Family Counseling Bethesda MD
During family counseling in Bethesda, MD at Lindsey Hoskins & Associates, we may talk about how most people are pretty good at apologizing when apologies are warranted, depending on the context. For example, if you bump into someone in the supermarket—sorry! If you accidentally spill something at another person’s home—I’m so sorry!
However, in your close relationships with family, apologizing can be one of the most challenging things to do. This is entirely understandable given the emotionally-charged nature of close personal relationships. If you need help navigating apologies, forgiveness, and more with your relatives, family counseling in Bethesda, Maryland can provide a safe space and an unbiased ear to help you resolve these problems.
When are apologies necessary?
Determining when apologies are necessary can be a challenge, especially when emotional reactions are involved. These may include:
- Becoming defensive. Perhaps your family member didn’t intend to cause harm or hurt feelings.
- Confusion. A family member may not understand why this event or incident even hurt their spouse.
- Guilt. Apologizing may be difficult when a family member feels guilty about their actions or words.
All of these emotions are quite normal to feel in many circumstances. For the most part, people don’t intend to hurt a loved one’s feelings. If an apology is hard for you, you may tend to react to your family member with both defense and guilt, for example, “Well, I guess I’m just the worst sister/brother/mother/father the world, then!” In such situations, both family members may feel alienated from one another.
Emotional reactions are OK
What a therapist at Lindsey Hoskins & Associates wants families to understand is that there is room for all of the emotional reactions. It’s OK to be confused as to why your family member is upset. It’s also appropriate to want to explain your good intentions, and why you didn’t intend to be harmful. However, if defense and confusion win the day, and guilt never manifests, a family member may feel like their hurt doesn’t matter to the other.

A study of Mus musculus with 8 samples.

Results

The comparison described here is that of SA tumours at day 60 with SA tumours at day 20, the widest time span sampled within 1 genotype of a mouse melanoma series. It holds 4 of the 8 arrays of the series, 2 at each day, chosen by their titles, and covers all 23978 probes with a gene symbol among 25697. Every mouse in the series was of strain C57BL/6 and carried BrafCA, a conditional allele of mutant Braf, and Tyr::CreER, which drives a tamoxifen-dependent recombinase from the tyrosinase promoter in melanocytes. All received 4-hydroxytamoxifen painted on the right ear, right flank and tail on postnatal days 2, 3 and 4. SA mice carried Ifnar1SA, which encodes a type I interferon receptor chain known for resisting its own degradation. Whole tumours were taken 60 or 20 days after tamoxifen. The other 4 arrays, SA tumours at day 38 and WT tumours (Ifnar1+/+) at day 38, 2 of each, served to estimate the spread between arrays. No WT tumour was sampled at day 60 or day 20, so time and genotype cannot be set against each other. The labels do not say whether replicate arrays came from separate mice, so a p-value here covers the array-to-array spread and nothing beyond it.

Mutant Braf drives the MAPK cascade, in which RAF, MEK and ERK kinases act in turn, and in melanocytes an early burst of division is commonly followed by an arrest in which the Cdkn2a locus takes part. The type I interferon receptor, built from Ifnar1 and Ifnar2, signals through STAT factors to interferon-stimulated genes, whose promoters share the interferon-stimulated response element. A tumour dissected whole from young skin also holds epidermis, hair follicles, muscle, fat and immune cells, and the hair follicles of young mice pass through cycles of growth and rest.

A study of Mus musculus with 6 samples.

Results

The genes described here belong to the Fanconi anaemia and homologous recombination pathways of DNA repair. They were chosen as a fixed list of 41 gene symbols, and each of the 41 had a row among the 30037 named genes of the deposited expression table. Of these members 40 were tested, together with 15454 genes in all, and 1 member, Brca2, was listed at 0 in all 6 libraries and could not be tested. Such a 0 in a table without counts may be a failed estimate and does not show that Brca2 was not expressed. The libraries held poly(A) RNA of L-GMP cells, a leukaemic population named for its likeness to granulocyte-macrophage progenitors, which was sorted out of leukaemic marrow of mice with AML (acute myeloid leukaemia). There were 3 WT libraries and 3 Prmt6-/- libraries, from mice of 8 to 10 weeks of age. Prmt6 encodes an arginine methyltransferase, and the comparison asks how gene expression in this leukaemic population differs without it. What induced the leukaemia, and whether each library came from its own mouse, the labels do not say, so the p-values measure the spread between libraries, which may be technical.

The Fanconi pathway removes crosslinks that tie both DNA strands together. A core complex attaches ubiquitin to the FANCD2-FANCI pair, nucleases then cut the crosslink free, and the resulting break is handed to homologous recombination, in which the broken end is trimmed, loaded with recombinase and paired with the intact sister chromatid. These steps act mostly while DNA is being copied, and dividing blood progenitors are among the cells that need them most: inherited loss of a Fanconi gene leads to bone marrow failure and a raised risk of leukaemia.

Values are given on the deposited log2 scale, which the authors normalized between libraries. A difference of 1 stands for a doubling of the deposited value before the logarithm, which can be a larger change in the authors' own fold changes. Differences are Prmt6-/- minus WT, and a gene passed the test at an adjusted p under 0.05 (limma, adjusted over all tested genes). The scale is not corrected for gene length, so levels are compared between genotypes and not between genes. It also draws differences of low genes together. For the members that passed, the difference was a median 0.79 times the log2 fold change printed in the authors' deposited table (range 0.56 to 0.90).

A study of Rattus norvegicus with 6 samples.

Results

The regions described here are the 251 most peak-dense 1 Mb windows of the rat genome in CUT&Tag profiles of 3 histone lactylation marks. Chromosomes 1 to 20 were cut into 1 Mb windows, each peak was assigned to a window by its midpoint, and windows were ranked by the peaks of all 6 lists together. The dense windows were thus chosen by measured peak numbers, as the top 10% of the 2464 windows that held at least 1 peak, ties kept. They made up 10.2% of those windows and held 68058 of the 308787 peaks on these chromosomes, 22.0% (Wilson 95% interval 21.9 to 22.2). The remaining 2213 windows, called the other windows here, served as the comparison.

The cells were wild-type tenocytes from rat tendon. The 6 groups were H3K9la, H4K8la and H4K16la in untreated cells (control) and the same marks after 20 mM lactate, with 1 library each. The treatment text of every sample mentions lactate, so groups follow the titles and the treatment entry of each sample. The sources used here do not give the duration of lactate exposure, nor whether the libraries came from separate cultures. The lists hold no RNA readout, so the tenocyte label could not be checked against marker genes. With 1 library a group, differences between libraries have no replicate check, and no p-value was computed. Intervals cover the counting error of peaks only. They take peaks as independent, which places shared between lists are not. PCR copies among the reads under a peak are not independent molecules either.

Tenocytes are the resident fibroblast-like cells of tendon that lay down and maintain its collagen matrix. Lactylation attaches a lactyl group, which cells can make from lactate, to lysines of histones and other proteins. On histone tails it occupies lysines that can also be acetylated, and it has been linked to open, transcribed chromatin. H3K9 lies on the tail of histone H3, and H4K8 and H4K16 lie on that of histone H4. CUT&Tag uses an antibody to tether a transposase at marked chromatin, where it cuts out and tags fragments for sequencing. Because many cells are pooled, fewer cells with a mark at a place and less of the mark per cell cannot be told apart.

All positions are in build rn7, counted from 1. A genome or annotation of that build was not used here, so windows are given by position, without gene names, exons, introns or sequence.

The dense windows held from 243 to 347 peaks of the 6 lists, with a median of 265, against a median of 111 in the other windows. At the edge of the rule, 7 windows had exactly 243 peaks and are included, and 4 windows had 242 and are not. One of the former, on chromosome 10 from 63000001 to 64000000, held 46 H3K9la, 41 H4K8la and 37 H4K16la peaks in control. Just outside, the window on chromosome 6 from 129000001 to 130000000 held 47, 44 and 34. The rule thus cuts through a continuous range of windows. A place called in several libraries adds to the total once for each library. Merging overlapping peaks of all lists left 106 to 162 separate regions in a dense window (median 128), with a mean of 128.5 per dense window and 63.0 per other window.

It’s often helpful for family members to try noticing and tracking their own responses. Self-awareness is such an excellent tool to help to change patterns and conditioned reactions. When a conflict arises, try to breathe, slow down, and bring awareness to your exchange with your family member. During a session for MD family counseling in Bethesda, we may encourage you to change your responses to something more like:
- “I’m confused, can we talk about this so you can explain what hurt your feelings?” (confusion)
- “I feel bad, I didn’t intend to hurt you, but I see that I did.” (guilt)
- “I didn’t think that being late would cause that much distress, or I would have called. I will be more mindful of letting you know where I am next time.” (offer an explanation)
Although it can be difficult to react differently in the moment, knowing and owning your feelings can help you have a different dialogue with your family member. This can feel like a relief on both sides when family members are in touch with their emotions. If you’re having trouble navigating the feelings and finding the right words in any aspect of your relationship, signing up for Bethesda family counseling in Bethesda can help. Family counseling is available, as is one-on-one advice.
To find out more about how to improve your relationship with your family members or with yourself, schedule an appointment today for family counseling in Maryland from Lindsey Hoskins & Associates.